We never expected so severe a betrayal, not from a potato.

By Cassidy Ward
Basket of french fries.

Over the course of human evolution, our relationship with food has changed dramatically. We’ve transitioned from hunter-gatherer societies, living off the land, to more permanent collectives reliant on manufactured food. Food Evolution (now streaming on Peacock!) traces the controversy around the best way to eat, and feed a continually growing human population, in the modern world. Certainly, all of our innovations in food science have driven a greater quality of life and longer life expectancy, but that doesn’t mean there aren’t improvements to be made.

It's believed that the average person gets about 50% more salt in their diets than they need, a result of so many processed foods many of which are packed with extra salt for flavor. All of that excess salt can lead to an increased risk of heart attack, high blood pressure, strokes, and vascular dementia. While the physical impact of excess salt is relatively well known, the ways in which food impacts our emotional and mental health is less well understood.

Scientists from the University of Edinburgh set out to answer that question in a new paper published in the journal Cardiovascular Research. Pumping people full of extra salt just to see how they behave would be at odds with ethical guidelines — people can eat as much salt as they want as a hobby, but not for science unfortunately — so scientists used mice instead.

The team established an experimental paradigm in which one group of mice were fed on a high salt diet, mirroring the typical intake of the average human, while another group was given an ordinary mouse diet with the regular amount of salt. Over the course of two to eight weeks, scientists measured an increase in resting stress hormone as well as a much higher stress response to environmental stimuli in the high salt test group. In fact, the hormonal response to environmental stressors was roughly twice as high as the control group.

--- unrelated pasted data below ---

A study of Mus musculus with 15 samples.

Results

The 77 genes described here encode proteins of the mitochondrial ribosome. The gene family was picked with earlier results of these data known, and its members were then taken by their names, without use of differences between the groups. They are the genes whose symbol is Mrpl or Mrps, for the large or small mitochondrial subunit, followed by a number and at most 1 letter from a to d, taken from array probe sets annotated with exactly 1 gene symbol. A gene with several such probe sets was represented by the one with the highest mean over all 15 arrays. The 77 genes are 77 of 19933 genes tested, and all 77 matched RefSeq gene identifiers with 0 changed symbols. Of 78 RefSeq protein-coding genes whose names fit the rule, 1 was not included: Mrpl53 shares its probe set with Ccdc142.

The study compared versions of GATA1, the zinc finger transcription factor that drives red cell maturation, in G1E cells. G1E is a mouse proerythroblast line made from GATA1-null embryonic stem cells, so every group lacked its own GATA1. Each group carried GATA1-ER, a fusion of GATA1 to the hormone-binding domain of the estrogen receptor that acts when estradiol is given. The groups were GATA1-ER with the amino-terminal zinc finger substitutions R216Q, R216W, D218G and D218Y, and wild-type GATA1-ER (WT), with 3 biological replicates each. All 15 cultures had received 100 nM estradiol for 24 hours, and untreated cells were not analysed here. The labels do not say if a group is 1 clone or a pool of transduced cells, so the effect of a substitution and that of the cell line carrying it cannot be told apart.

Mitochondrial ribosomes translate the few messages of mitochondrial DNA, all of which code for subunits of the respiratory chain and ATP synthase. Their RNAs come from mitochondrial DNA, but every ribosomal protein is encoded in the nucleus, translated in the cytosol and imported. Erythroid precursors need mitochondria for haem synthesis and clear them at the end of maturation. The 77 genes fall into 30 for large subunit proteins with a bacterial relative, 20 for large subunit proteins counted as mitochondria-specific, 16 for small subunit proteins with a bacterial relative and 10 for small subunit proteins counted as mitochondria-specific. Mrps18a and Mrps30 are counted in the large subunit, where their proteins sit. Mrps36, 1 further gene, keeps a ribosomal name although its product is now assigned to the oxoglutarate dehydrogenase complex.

The team observed increased peak levels of plasma corticosterone, Crh, and Pomc mRNA, as well as increased clucocorticoid response. Additionally, the binding properties of some compounds were reduced or downregulated. All which is scientific jargon for a phenomenon in which salt dials up the brain chemicals which make you stressed and turns down the systems meant to mitigate that response. In short, it becomes easier to get stressed, easier to become more stressed than you normally would be, and more difficult for you to reign those feelings in.

Scientists noted several “abnormalities in the glucocorticoid biology,” which increased the activity of genes which produce proteins in the brain for regulating stress response. The stress response is controlled by competing processes, some of which ramp the stress response up while others bring it down. That response is akin to a controlled blaze, burning continuously but trapped inside a ring of stones. Adding salt to our diet is the equivalent of tossing accelerant on the flames. Everything gets hotter, more reactive, and harder to contain.

It stands to reason that if stress levels are increased by higher salt intake, there may be a corresponding increase in anxiety and depression, but researchers stated that more study is needed before they can say for sure. Assuming we have the same relationship with salt as mice do — and that’s not an outrageous assumption, mice are model organisms for scientific research for a reason — those extra-large fries you dig into after a hard day might make you feel better in the moment but they’re supersizing your future stress levels.

Next time someone asks if you want fries with that, it might serve you well to decline. Or at least get them without salt.